The rift in Israel's ruling Likud Party, which threatens to hamper its drive to retain power, has less to do with the coming election than with the race to succeed aging Prime Minister Yitzhak Shamir, who is probably running his last campaign.
The race-within-the-race pits veteran candidates against each other--the low-key and technocratic Moshe Arens, the populist David Levy, the militaristic Ariel Sharon--plus a covey of junior politicians who harbor hopes of leapfrogging the main contenders.
With election day less than three months away, turmoil in Likud offers some ray of comfort to the Labor Party's Yitzhak Rabin and to Bush Administration policy-makers who have done little to hide their distaste for Shamir and his rigid stand on Middle East peace negotiations. Polls show Rabin running strongly, although at best he can probably win no more than a plurality.
In any event, ambition in Likud burst its banks Sunday when David Levy, the foreign minister, resigned from Shamir's Cabinet. Levy's resignation, which doesn't take effect for another week, is meant to press Shamir to put Levy and his backers in key party and Cabinet positions. Such a windfall would give Levy a leg up in the future succession contest.
Levy's leverage consists of the vote of ethnic North African and Middle Eastern Israelis, whom Levy, as a Moroccan immigrant, says he represents. The Sephardic vote, as it is called, has traditionally favored Likud. "The calculation in Levy's risk," according to columnist Yoel Marcus, "is in the assessment that because of the ethnic factor involved, Shamir will be forced to compromise."
Levy, a onetime hawk, has staked out the moderate position on peace talks and come out for reconciliation with the Bush Administration. His stand reflects uneasiness among working-class voters in Likud, a group that may feel shunted aside by the party's ideological focus on retaining the West Bank and Gaza Strip, occupied in the 1967 Six-Day War, and continuing to build Israeli settlements in those areas.
"Those involved with 'Little Israel,' who feel they brought Likud to power, feel neglected and betrayed," wrote the mass circulation newspaper Yediot Aharonot.
Despite threats, it is far from clear that if Levy and his followers were to form their own party, they would join Labor in a coalition after the June elections. They could easily return to Likud.
Levy's ire was raised during Likud's convention this month when rivals in Likud pushed him downward in its list of parliamentary candidates. He had reigned as No. 2 since 1981, and hoped to be Shamir's natural successor. His stay in the Foreign Ministry was meant to shore up his credentials for a run for prime minister.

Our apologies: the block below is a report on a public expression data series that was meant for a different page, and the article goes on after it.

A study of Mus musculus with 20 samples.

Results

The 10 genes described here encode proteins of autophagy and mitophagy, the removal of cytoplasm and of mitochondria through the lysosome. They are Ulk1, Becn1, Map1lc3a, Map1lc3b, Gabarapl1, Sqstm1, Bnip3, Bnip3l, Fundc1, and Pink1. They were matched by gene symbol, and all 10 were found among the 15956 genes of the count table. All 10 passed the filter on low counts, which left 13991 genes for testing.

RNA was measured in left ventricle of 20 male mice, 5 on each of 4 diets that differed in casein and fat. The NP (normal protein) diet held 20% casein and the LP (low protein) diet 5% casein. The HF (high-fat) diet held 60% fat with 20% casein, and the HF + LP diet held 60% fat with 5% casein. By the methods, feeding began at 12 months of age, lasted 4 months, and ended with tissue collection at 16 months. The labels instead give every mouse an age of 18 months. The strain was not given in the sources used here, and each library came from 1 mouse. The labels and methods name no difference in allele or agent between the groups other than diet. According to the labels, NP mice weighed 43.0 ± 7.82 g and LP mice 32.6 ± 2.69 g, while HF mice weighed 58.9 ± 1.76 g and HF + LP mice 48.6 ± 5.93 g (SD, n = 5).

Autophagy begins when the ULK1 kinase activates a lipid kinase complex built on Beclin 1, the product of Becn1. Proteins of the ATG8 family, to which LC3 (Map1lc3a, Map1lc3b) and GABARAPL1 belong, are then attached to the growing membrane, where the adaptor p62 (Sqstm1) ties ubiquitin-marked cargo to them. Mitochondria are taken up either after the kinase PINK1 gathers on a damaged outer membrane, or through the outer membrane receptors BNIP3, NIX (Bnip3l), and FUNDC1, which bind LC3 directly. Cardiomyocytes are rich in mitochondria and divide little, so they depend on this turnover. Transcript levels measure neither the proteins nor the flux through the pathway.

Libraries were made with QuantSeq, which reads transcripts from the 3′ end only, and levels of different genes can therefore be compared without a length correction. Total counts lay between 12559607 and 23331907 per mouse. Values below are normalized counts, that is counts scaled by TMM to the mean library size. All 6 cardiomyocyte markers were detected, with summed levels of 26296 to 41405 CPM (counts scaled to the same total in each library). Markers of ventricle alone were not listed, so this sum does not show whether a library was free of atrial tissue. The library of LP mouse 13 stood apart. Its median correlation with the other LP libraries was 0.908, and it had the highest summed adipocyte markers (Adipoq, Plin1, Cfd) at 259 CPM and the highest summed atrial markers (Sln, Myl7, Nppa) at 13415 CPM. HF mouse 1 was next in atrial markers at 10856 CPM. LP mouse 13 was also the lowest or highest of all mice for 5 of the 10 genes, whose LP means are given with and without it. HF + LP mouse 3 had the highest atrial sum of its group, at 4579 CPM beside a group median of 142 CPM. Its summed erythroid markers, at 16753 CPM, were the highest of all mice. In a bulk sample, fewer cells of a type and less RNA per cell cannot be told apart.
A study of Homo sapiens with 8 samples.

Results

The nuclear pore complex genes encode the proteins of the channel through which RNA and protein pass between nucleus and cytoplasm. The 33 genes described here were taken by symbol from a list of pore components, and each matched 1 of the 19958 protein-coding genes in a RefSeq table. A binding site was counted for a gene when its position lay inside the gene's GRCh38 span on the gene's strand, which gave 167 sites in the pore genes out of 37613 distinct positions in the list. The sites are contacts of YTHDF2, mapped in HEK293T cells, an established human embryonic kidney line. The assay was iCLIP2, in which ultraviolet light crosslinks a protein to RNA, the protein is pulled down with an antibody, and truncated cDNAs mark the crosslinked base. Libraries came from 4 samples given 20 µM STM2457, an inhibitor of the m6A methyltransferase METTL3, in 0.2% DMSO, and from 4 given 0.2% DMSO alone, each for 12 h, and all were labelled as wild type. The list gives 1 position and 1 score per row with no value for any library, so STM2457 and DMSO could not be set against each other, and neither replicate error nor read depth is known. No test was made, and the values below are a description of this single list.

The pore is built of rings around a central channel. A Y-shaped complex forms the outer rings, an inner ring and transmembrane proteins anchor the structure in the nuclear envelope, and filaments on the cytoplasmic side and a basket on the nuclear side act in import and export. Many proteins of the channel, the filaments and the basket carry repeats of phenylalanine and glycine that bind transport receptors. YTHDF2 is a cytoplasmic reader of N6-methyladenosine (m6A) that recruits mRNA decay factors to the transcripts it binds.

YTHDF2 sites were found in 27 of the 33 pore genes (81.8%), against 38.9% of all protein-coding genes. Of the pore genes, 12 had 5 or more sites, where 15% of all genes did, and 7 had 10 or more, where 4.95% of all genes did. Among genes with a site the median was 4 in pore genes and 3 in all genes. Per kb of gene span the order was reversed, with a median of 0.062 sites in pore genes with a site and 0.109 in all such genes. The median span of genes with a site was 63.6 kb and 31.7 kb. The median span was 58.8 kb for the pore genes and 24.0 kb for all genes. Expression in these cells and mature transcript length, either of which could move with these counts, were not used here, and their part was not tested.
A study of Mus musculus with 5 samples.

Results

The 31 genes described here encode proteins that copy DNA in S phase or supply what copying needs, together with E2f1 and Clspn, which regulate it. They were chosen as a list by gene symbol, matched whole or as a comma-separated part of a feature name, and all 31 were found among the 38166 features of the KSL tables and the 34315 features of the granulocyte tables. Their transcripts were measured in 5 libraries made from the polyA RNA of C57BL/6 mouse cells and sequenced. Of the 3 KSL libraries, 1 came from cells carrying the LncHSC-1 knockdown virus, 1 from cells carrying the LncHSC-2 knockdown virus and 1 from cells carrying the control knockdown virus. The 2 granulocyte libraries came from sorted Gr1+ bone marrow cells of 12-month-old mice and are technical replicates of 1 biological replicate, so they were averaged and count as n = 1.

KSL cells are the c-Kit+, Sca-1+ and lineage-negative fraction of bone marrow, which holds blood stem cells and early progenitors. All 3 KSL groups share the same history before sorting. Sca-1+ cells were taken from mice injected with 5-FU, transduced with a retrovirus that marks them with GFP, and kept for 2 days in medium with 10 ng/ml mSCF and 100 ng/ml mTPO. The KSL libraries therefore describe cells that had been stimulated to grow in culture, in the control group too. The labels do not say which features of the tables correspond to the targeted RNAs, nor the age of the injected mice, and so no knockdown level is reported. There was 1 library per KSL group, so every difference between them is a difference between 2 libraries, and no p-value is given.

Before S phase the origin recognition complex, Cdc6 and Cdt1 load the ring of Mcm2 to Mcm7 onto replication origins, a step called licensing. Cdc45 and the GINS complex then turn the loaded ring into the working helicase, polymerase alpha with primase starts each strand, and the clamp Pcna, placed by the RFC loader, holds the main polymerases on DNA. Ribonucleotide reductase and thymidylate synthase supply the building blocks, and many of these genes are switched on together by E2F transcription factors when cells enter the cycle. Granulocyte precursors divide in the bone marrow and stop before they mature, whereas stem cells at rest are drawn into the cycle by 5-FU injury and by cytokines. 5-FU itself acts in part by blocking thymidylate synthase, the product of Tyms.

Defense Minister Arens joined with Housing Minister Sharon to overwhelm Levy at the convention. His defeat there signaled a blow to his aspirations, observers said. "Both Arens and Sharon have now established a prior claim to Cabinet posts--and ultimately to contest the Shamir succession," according to the English-language Jerusalem Report magazine.
Arens, who as the new No. 2 is considered Shamir's pick to be the next party leader, has taken a cautious approach to peace talks, in line with his mentor's position. His disdain for Levy was expressed in a much quoted remark made when someone first suggested Levy for the post of foreign minister. "Don't you care about the country?" Arens asked with a laugh.
Levy, now No. 4, refers disparagingly to Arens, an American-born aeronautical engineer, as "the professor."
Arens' alliance with Sharon, who took the No. 3 spot, was strictly a marriage of convenience. Sharon has frequently alluded to Arens' lack of a war record to try to undercut his colleague's suitability to head the Defense Ministry. As late as 1990, Arens was fighting off a joint Levy-Sharon effort to topple him from his place in the succession race.
Sharon, architect of Israel's 1982 invasion of Lebanon and the arch-builder of settlements in the West Bank and Gaza Strip, has opposed Israel's entry into the U.S.-brokered Middle East peace talks. He wants Israel to formally annex land already settled by Israelis as well as tracts in government control--about 50% of the occupied territories.
While the three slugged it out, a group of "young princes," as they are known, were also making their moves; two of them, Benjamin Netanyahu and Zeev (Benny) Begin, moved upward into the top ranks of Likud candidates, and Dan Meridor declined.
Netanyahu, a former ambassador to the United Nations, has made a name speaking for Israel on U.S. television. He is a firm believer in public relations, although recently his message has become a bit shrill. As the Bush Administration increased its pressure on Israel to freeze construction of West Bank settlements, Netanyahu charged that the Americans were trying to push Israel to "the borders of Auschwitz."
Shamir used Netanyahu as deputy foreign minister to keep an eye on Levy. When Levy demonstrated pique at not being permitted to lead the Israeli peace-talks delegation to the first session in Madrid, Netanyahu shifted to the prime minister's office.
Begin, son of the late Likud icon Menachem Begin, has risen fast. As self-declared keeper of Likud orthodoxy, he preaches that the West Bank and Gaza Strip are, by historical and divine right, Israel's. "We can present a document proving that . . . our forefathers paid for those lands in cash--a document called the Bible," he has written.
He opposed a Shamir proposal to let Palestinians pick a negotiating team to discuss self-rule. He rejects the land-for-peace formula favored by the Bush Administration as "artificial."
Meridor, the justice minister, suffered at least as great a setback as Levy. Observers say he was punished for his unwillingness to speed up the expulsion process for Palestinians, for opposing a cutoff of Palestinian workers from Israel after violent incidents and for refusing to prosecute Palestinian political leaders.